Superfoods, once a niche nutrition trend, have become so mainstream that even those who aren’t interested in health and wellness know what they are. And that’s definitely not a bad thing. “In general, I like the superfoods trend,” says Liz Weinandy, R.D., a registered dietitian in the Department of Nutrition and Dietetics at The Ohio State University Wexner Medical Center. “It really puts the spotlight on healthy foods that contain multiple nutrients known to be important for optimal human health.” Yup, that sounds quite positive to us.
But there is a downside to the superfood trend, according to health professionals. “It is absolutely essential that people remember eating one or two superfoods will not make us super healthy,” Weinandy says. Wait, so you mean we can’t eat pizza all the time and then top it off with a superfood-filled smoothie?! Bummer. “We need to eat a variety of healthy foods on a regular basis for super health,” she explains.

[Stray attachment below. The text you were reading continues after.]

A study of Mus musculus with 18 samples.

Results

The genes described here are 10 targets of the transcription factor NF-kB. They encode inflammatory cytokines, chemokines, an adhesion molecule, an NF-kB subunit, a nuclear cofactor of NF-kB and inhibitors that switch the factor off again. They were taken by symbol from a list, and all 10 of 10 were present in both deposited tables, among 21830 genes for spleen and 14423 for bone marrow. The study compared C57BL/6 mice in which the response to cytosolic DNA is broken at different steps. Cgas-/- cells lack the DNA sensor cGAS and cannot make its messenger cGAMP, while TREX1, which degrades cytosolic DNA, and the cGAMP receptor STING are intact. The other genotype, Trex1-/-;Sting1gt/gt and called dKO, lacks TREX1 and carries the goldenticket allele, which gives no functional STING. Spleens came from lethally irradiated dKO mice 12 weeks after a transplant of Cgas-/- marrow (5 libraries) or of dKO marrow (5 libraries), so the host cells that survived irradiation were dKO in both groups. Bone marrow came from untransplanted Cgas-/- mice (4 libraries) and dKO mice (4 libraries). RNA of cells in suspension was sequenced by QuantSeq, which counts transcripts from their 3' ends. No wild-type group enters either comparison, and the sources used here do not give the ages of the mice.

What’s more, trendy superfoods that come from exotic locations or that are lab-manufactured can be pricey. “Superfoods are often more expensive because they are highly processed into a powder or pill form and travel from around the world to get to your plate,” notes Amanda Barnes, R.D.N., a registered dietitian. And sometimes, you can find the same substances that make those superfoods so beneficial at a much lower price—in foods you commonly see in the grocery store.
Plus, there’s the fact that the marketing around superfoods can be somewhat misleading. “While I don’t diss superfoods in general because they may be dense in healthful nutrients, these foods may not be right for everyone because nutrition is not ‘one size fits all,'” points out Arti Lakhani, M.D., and integrative oncologist with AMITA Health Adventist Medical Center Hinsdale. “Superfoods may only deliver on their promises if consumed in the right quantity, prepared properly, and eaten at the right time. Unfortunately, we don’t know exactly how well nutrients from these foods are absorbed. Everyone is unique in the way they process the foods that they eat.”
With that in mind, here are some popular superfoods that have been overhyped for their health benefits, either because the research behind them is lacking or because you can get the same nutrients from less expensive, easier-to-find foods. While most of these superfoods aren’t bad for you, nutrition pros say you shouldn’t sweat it if you can’t (or don’t want to!) fit them into your diet.